In an annual survey, 74% of college students report that they would do better if educators used more technology. The results of other survey questions show that digital learning is becoming increasingly effective and convenient for students and that their approval rate of online learning environments is rising.
The survey of 519 college students was performed online by Wakefield Research and sponsored by the e-learning platform company VitalSource.
Dian Schaffhauser of Campus Technology quoted Cindy Clarke, Vice President of Marketing at VitalSource, who showed that the survey results paint a clear picture that technology use is tied to school and work in the minds of students:
Technology continues to be of critical importance to students, especially in the classroom. The research validates the degree to which students depend on technology to provide them with a competitive edge while they are in school, and after graduation as they prepare to enter a workforce which is increasingly digitally literate and globally connected.
Many students are finding that digital class materials are less expensive, more convenient, and more engaging than traditional textbooks. Between 2011 and 2015, the number of students who use digital technology to read course materials rose from 63% to 87%. 90% of students owned laptops in both 2014 and 2015, while smartphone use rose from 83% to 90% in the past year and tablet use grew from 43% to 50%.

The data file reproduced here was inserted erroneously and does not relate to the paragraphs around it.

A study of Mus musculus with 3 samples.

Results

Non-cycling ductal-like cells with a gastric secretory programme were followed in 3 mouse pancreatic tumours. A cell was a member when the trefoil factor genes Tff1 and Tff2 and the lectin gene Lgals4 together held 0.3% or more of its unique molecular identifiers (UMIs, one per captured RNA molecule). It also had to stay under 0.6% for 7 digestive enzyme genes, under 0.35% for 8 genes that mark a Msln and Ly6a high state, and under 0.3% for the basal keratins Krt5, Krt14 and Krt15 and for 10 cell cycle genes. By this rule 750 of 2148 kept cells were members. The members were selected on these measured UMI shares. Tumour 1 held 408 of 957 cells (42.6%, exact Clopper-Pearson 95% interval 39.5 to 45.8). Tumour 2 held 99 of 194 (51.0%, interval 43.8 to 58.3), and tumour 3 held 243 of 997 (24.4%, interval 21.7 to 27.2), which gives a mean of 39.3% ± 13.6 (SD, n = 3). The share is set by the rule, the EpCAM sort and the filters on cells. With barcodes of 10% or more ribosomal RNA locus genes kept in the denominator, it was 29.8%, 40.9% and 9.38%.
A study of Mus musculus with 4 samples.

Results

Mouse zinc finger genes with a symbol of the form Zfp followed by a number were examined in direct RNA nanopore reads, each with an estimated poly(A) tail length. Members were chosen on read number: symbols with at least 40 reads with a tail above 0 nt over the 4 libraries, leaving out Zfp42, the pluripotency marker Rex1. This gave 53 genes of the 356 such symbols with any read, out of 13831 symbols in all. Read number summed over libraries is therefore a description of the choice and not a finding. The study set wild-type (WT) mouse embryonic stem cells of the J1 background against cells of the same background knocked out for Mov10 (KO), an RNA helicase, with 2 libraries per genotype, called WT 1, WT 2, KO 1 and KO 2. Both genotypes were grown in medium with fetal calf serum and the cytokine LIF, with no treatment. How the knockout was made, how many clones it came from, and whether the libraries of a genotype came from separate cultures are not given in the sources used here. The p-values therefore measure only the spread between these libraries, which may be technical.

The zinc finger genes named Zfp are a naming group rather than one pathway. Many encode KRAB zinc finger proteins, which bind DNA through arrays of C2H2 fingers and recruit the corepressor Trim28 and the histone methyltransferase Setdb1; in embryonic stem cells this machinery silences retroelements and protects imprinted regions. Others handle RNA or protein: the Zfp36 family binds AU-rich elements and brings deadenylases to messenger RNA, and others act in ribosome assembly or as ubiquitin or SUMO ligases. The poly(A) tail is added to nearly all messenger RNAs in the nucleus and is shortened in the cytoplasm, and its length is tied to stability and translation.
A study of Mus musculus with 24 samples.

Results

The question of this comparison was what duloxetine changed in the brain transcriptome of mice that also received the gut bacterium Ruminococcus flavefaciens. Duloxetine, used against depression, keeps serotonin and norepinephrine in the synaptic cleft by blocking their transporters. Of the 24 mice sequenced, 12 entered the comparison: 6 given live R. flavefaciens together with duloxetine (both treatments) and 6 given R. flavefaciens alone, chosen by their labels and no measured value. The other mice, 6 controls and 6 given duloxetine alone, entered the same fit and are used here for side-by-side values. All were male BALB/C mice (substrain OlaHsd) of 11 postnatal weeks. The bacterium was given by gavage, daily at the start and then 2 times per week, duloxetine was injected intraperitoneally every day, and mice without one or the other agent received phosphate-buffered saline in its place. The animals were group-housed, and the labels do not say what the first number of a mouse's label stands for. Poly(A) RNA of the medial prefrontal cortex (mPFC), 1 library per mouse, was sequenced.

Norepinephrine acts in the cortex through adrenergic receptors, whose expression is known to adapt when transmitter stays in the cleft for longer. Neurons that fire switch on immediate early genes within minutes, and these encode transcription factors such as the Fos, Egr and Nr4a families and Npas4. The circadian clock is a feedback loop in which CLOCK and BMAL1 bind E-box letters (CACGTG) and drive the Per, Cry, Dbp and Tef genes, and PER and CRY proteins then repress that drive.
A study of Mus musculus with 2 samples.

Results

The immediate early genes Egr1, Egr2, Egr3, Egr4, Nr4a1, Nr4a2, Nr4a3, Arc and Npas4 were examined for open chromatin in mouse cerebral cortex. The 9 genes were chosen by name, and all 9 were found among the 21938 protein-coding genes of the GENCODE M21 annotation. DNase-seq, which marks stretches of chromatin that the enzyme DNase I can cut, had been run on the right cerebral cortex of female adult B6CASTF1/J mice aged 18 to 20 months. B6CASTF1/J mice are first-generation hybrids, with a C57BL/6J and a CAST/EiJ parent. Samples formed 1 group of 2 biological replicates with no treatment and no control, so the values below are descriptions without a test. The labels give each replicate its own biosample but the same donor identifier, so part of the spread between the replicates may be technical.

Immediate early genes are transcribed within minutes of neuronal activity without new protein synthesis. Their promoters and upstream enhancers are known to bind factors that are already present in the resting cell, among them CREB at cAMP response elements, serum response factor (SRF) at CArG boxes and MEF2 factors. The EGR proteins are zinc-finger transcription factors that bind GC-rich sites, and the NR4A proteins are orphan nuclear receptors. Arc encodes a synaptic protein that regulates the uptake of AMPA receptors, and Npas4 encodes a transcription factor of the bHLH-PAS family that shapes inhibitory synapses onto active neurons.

Mika LaVaque-Manty is an associate professor of political science at the University of Michigan, and an instructor who understands how digital technology can be used in the classroom, writes Michael Schramm of USA Today. After a decade of integrating PDF readings into his curriculum and allowing students to use their devices in class, he believes that referencing material is much easier when you can search for a phrase instead of being forced to flip through textbook pages hoping to find what you’re looking for. He believes that digital text is the research method of the future, and encourages students to learn how to highlight, bookmark and take notes digitally.
Clarke noted the interplay between curricular development and actual classroom use:
We’ve been watching very carefully because it impacts how we evolve our own products. While educational technology is getting faster and better and cheaper, it feels like education maybe is not keeping up with the pace that students expect.
Students showed a preference not only for digital class materials, but also digital classroom environments. 56% said that they would be more comfortable in a digital class rather than an in-person setting. This year, 51% said that they received better grades in online courses compared to last year’s 42%.
Digital classrooms have multiple advantages over traditional brick and mortar environments. 61% of respondents said that they would learn better if they could get instant feedback from professors. 55% said it would be useful if instructors could track their progress in real time. 48% said that digital collaboration would help them learn more effectively, while 61% said that homework would be more effective if it had interactive elements such as video.